Black students at risk for pneumonia when higher ed catches a cold
Jayne Matthews Hopson | 11/22/2013, 6 a.m.
Still unconvinced higher education is driven by business interest rather than academic best interest of its students? Consider this. Immediately after the U.S. Census released figures documenting a drop in college enrollment, one of the country’s biggest credit rating agencies issued a special report warning their investment customers colleges that and universities are headed towards a major financial crisis.
Moody’s Investors Service “found that nearly half of colleges and universities that responded [to the firm’s survey] expected enrollment declines for full-time students, and a third of the schools expected tuition revenue to decline or to grow at less than the rate of inflation.” This spells bad news for poor students who count on investment backed money to pay for college.
The following week a New York Times article stated, “The growing financial challenges for colleges and universities come as students and graduates have amassed more than $1 trillion in student debt, and many are struggling to pay their bills. Nearly one-in-six people with an outstanding federal student loan balance is in default.”
The Times reports, “Before the financial crisis of 2008, colleges and universities routinely raised tuition with little effect on the number of prospective students who applied.”
In a claim that speaks directly to the greed of higher education administrators, raising the tuition was an effective marketing tool. The article states, “some private colleges said that applications actually rose when they increased prices, apparently because families equated higher prices with quality.”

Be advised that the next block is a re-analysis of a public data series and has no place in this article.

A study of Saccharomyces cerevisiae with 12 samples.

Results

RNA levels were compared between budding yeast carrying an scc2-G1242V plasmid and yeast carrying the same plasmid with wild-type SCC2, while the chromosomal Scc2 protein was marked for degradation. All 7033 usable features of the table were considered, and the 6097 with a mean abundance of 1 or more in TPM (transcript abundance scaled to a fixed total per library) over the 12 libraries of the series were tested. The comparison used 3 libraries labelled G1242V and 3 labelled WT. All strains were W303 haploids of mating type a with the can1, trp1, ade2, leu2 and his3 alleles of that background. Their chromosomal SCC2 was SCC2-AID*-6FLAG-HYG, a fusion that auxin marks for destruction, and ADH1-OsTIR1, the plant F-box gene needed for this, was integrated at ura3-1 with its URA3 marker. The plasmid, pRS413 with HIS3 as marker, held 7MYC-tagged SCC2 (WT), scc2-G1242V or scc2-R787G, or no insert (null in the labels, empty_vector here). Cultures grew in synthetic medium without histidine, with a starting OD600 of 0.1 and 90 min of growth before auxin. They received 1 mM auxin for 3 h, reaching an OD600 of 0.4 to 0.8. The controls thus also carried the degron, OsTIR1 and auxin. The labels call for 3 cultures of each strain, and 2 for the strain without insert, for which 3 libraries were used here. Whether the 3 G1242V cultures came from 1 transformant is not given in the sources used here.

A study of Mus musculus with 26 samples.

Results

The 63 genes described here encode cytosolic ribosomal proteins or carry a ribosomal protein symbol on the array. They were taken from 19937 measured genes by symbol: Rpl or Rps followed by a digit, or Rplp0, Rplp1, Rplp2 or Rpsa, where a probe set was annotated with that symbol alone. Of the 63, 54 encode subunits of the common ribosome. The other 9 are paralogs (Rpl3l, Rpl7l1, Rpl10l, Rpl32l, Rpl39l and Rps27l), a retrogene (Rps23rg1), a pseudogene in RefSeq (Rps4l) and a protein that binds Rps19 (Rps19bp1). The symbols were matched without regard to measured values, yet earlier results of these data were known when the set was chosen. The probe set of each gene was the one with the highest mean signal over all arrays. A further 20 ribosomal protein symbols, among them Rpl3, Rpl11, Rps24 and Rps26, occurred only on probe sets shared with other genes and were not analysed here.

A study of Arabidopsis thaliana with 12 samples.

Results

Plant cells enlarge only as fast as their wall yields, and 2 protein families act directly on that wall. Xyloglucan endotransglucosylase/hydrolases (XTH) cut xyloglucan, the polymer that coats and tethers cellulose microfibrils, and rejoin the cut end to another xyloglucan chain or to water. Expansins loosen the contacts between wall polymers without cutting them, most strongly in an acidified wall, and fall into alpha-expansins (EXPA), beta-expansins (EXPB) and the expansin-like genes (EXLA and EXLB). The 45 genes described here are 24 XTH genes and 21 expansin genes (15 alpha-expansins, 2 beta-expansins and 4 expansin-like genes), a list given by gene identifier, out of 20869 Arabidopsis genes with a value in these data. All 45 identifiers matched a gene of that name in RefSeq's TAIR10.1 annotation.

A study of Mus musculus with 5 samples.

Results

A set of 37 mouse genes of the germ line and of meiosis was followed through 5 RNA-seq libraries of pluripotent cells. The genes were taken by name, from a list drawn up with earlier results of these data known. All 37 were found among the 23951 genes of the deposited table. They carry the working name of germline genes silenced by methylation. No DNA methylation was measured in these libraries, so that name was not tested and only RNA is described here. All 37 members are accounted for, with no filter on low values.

Well, now it seems the party is over. Emily Schwarz an analyst and lead author of the Moody report said, “The cumulative effects of years of depressed family income and net worth, as well as uncertain job prospects for many recent graduates, are combining to soften student market demand at current tuition prices.”
What she is not acknowledging is, that for years the cost of higher education continuously rose far beyond the means of the average family. While at the same time thousands more students were able to attend college by taking on bigger loans to finance their over-priced education, earning millions of dollars for investors.
Make no mistake Schwartz is giving investors a heads up that a drop in enrollment threatens the money made off the higher education aspirations of America’s youth. The profits banks and lending institutions reaped financing college educations for poor and middle class student is about to dry up. She is advising investors to get their money out before the market collapses like the housing industry.
Anyone who knows a family who lost a home or is stuck in a house with an upside down mortgage can understand how rising college costs fueled predatory lending practices designed to meet the price of higher education. This recent drop in enrollment clearly signals to the business and banking world that the days of students taking on crushing debt to pay for college are coming to an end.
There is a local connection to the Moody report. St. Mary’s College Maryland, a nationally ranked public honors college was in the news over the summer after a “precipitous enrollment decline for fall 2013.” Schwartz says the school’s credit worthiness has taken a hit as a result of its inability to attract more incoming students.
"Enrollment declines in higher education are credit negative,” says Schwartz “because they heighten competitive pressure for all universities. This limits opportunity to grow tuition revenue, now the primary revenue for the majority of public and private universities."
Funds for college could become limited to students for other reasons.
The Moody report states congressional negotiations may “lead to cuts in student aid programs while the share of students that depend on government help continued to rise. At public universities, federal loans finance a median of 40 percent of student charges; at private schools, the median is 21 percent.”
Bottom line, higher education is no longer a lucrative financial move for smart investors. This spells trouble ahead for poor and minority students who plan to seek a college degree. These reports raise the question of what black families can do to get ahead of the college finance bubble and avoid relying funding sources soon to become unavailable.
Jayne Matthews Hopson writes about education matters because “only the educated are free.”